Value Added Tax (VAT): VAT is a kind of tax that is imposed on goods and services. In a cycle of production and supply of goods and services, VAT is an indirect tax levied at every level on the domestic consumption of goods and services. It is assessed at each stage in the production and distribution chain from raw materials to the final sale based on the value (price) added. It does not cost the producer or the distribution chain members, whereas the end consumer bears its full brunt.
Value Added Tax was initially introduced during the 1970’s by the European Economic Community (now the European Union). In accordance with the Economic Agreement in 2001, and based on the decision passed by the Supreme Council for the GCC countries, held in the month of December, 2015, and keeping in mind the uniformity in the imposition of VAT by the GCC States, the decision to establish a unified legal framework for the introduction of a general tax on consumption in the GCC was founded as VAT. Therefore, a “Common VAT Agreement of the States of the Gulf Cooperation Council (GCC),” and commonly called as ‘Unified VAT Agreement’ or the ‘GCC VAT Framework’ was introduced.
In the UAE, and with effect from the 1st of January 2018, Value Added Tax was introduced at a rate of five percent (5%) at the point of sale.
The introduction of Value Added Tax in the UAE has helped the government move towards its vision of reducing its dependency on oil as its main source of revenue. It is to be noted that there are those goods and services that are considered zero-rated (such as food and essential drugs) or are otherwise exempt (such as exports) from the provisions of the VAT in the UAE. Likewise, certain free zones called ‘designated zones’ are considered as outside jurisdictions for tax purposes, and transfer of goods between designated zones is considered to be tax-free.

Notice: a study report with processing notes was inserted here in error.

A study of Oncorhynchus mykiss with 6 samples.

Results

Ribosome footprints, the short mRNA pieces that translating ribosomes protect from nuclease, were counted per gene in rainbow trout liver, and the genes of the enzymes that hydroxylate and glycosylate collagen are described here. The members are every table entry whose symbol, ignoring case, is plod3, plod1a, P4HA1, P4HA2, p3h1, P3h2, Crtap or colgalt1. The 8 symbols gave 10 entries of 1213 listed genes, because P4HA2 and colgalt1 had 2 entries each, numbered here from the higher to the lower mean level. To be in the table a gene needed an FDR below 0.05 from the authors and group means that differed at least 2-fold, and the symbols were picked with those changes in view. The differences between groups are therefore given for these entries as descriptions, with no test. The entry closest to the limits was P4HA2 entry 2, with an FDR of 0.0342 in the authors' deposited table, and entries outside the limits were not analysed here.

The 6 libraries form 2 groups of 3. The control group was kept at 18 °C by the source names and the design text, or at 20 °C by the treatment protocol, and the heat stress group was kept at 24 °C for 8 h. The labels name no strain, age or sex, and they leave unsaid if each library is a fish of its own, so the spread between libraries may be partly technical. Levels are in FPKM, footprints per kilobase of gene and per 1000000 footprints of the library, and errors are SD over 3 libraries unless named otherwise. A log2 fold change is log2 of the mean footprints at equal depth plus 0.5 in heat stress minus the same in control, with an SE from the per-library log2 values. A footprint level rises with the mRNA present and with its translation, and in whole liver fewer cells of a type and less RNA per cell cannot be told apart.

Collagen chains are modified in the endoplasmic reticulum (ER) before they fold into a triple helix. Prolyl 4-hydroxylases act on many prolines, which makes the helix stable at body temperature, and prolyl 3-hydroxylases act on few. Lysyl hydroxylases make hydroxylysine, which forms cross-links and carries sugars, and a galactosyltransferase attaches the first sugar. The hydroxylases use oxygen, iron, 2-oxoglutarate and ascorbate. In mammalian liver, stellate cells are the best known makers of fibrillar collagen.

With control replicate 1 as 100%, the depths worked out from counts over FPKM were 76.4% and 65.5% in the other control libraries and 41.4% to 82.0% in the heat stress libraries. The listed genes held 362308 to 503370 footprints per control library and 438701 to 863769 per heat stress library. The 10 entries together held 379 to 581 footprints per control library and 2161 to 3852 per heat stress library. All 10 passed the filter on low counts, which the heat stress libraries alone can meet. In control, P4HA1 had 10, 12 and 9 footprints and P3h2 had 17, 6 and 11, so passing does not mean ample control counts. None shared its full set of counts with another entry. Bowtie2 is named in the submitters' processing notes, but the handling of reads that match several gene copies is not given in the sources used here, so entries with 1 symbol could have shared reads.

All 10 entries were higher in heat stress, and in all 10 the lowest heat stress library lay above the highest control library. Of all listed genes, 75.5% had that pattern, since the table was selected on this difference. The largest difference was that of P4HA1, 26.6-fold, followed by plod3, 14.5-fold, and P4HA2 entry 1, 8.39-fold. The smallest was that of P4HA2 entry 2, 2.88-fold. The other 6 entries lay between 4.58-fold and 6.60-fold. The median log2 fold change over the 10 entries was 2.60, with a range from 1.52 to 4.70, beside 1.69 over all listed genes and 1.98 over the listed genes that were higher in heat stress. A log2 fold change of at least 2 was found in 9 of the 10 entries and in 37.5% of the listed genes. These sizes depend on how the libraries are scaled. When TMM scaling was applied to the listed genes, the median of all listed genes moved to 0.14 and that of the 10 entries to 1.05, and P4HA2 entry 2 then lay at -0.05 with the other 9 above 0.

Certain zero-rated goods and services include:
- Identified education services.
- Identified healthcare services.
- Residential properties were newly constructed and supplied for the first time (within three years of their construction).
- Identified investment-grade precious metals.
- International transport of goods and services.
- Make available identified sea, air, and land means of carriage or transportation.
- Export of goods and services.
Certain exempted goods and services from the scope of VAT in the UAE include:
- Financial services (margin-based).
- Residential properties.
- Life insurance.
- Bare land.
- Local passenger transport.
An entity in the UAE must register for VAT if its imports and taxable supplies exceed AED 375,000/- per annum. Similarly, it is not mandatory but optional for those entities whose imports and taxable supplies exceed AED 187,500/- per annum.
In order to register for VAT in the UAE, entities and organizations could access the website of the Federal Tax Authority (FTA). Entities registered for VAT in the UAE must file and submit their VAT returns within 28 (twenty-eight) days of the end of the ‘tax period.’ A tax period for VAT purposes is defined as under:
- Every quarter for entities with an annual turnover of less than AED 150 million.
- Every month for entities with an annual turnover of AED 150 million or more.
Enterprise House can assist you right from registration on the website of the FTA to ensuring timely compliance to the FTA VAT filing and submission requirements.